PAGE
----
Pilot's MBAA Pays Off as His Cookie Company Takes Flight
An Embry-Riddle degree helped this aspiring entrepreneur launch a second career.
What began as a way to battle boredom has become a booming business for a pilot who has seen the ups and downs of the aviation industry firsthand.
Although Chris Welch (’08) has resumed his career flying for a major airline after being grounded by the pandemic, he is also now piloting a growing business as head of Aviator Cookie Company in Midland, Mich.
His new venture, which features fresh cookies made with his own special recipes, was launched with the help of a foundation Welch built while earning his MBAA at Embry-Riddle Aeronautical University.
“One of the main things was that it gave me was confidence,” said Welch, 42, of his Embry-Riddle experience. “I got the background in what it takes to start a business. My education helped convince me I was up for the challenge.”
Welch is the 14th member of his family to earn a pilot’s license, but his flying career got off to a rocky start. He began his initial training class with a regional carrier a week before the Sept. 11 terrorist attacks.
He eventually managed to land a job as a corporate pilot in Kansas, where he knew no one. Boredom began to set in between trips, and he took refuge in a cookbook his mother had sent him.
“I started baking just to pass the time,” he said. “And I started getting better at it.”
When he’s not on the flight deck, Chris Welch can usually be found baking treats for Aviator Cookie Company. (Photo: Chris Welch)
He also decided to follow the advice of his father, a pilot for Northwest Airlines, who told him he would enjoy his aviation career a lot more if he “didn’t need it.”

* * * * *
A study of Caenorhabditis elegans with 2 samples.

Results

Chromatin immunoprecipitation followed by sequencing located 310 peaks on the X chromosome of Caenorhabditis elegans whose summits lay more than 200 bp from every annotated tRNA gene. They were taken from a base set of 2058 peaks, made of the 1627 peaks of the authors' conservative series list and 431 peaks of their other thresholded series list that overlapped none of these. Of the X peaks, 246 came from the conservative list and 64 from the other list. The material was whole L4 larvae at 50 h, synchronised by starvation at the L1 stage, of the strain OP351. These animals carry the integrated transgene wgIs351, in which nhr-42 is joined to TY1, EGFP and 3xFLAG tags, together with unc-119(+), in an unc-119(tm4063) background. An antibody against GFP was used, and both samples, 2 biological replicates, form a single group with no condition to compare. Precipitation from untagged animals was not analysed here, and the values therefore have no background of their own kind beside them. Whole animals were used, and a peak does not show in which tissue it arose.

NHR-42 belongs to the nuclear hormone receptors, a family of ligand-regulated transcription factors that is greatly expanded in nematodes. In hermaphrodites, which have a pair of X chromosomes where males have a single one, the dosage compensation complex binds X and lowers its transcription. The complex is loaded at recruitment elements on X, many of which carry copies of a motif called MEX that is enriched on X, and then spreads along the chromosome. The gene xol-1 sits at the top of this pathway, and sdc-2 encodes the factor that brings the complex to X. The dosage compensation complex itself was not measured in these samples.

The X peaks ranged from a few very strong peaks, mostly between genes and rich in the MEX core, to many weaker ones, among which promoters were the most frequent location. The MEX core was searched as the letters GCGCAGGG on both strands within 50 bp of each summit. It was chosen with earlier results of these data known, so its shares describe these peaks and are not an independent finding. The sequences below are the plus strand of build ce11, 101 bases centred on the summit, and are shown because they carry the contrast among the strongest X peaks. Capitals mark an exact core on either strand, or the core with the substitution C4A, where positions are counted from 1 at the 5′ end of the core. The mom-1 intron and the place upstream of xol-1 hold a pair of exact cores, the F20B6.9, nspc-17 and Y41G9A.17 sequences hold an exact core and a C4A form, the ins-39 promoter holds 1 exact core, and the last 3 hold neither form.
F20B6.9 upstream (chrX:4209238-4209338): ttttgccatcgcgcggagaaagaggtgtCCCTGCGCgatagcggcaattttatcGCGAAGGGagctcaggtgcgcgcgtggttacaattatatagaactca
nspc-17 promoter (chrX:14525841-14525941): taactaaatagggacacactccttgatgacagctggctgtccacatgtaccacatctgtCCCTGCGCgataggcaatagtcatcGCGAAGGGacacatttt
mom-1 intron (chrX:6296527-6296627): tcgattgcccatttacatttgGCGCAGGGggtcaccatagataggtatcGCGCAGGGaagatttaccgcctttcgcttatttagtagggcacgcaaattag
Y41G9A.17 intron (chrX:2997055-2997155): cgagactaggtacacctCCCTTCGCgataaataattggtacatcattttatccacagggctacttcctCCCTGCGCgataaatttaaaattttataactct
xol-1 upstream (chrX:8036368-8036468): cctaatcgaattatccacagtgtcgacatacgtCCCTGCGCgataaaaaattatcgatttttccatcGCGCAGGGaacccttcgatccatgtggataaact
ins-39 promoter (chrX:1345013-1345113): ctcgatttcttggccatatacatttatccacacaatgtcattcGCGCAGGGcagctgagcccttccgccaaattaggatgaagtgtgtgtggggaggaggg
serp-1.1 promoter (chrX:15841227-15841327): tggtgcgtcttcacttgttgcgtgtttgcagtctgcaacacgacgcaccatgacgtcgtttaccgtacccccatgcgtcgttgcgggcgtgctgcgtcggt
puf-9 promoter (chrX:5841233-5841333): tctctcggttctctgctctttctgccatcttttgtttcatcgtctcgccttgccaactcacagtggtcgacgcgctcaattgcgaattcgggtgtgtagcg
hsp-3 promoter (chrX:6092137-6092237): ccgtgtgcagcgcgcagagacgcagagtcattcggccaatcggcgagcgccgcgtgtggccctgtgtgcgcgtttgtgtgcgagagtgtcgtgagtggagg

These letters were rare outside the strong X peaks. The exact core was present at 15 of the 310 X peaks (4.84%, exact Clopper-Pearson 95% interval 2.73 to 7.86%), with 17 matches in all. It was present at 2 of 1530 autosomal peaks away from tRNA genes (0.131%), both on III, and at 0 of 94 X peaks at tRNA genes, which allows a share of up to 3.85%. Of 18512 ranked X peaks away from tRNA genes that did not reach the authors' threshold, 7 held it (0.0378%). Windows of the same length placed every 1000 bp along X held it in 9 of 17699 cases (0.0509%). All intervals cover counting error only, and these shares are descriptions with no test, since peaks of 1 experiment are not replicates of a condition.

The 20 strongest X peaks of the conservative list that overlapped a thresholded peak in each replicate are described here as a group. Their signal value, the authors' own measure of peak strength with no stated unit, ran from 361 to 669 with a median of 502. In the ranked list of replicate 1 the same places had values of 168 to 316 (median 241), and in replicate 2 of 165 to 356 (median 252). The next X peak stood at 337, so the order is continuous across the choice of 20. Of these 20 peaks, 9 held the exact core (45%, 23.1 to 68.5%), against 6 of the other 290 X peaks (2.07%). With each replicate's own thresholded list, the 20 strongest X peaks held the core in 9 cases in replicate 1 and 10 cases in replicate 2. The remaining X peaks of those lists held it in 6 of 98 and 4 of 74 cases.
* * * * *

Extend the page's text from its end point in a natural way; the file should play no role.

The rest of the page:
Although he had started flying again once the 9/11 aftershocks finally wore off, Welch enrolled in Embry-Riddle’s MBAA program, took classes online and graduated in 2008.
By 2020, he was flying international trips for a major U.S. carrier. Then the pandemic hit, and Welch was grounded again. He knew exactly what to do with his idle time.
“People had always told me I should sell my cookies,” he said. “And I knew I was ready to start a business.”
Dusting off lessons he learned at Embry-Riddle and at Western Michigan University, where he earned a bachelor’s degree in Marketing, Welch initially studied several other possibilities.
Then, driving around Midland one day, “my daughter told me that when she grows up, she wants to own a cookie shop. It was the motivation that I needed.”
Aviator Cookie Company occupies a downtown storefront in Midland and now sells between 400 and 500 cookies a day. The shop also has an aviation touch, sporting the wing of a rare 1955 Beech Twin Bonanza as a countertop.
Welch is back to flying his regular schedule, so he’s balancing trips abroad with running his new company, managing his employee team, and spending time with his two children. It’s not always easy, but so far it has been rewarding.
“Right now, I am making dough,” he said during a recent interview. “I have a trip coming up and I need to make a lot of dough before I leave.”
Welch is also planning to branch out into online sales and offer his cookies to a wider audience.
“I didn’t want this opportunity to pass by,” he said. “I want to look back at the pandemic and see that I did something positive with the time it gave me.”
Aspiring entrepreneurs need to “do the groundwork” and get the essential education they need to succeed, Welch said. After that, though, it’s all about “taking the plunge.”
“The hardest part is often that first step,” he said. “If you’re prepared, you have to just dive in and do it.”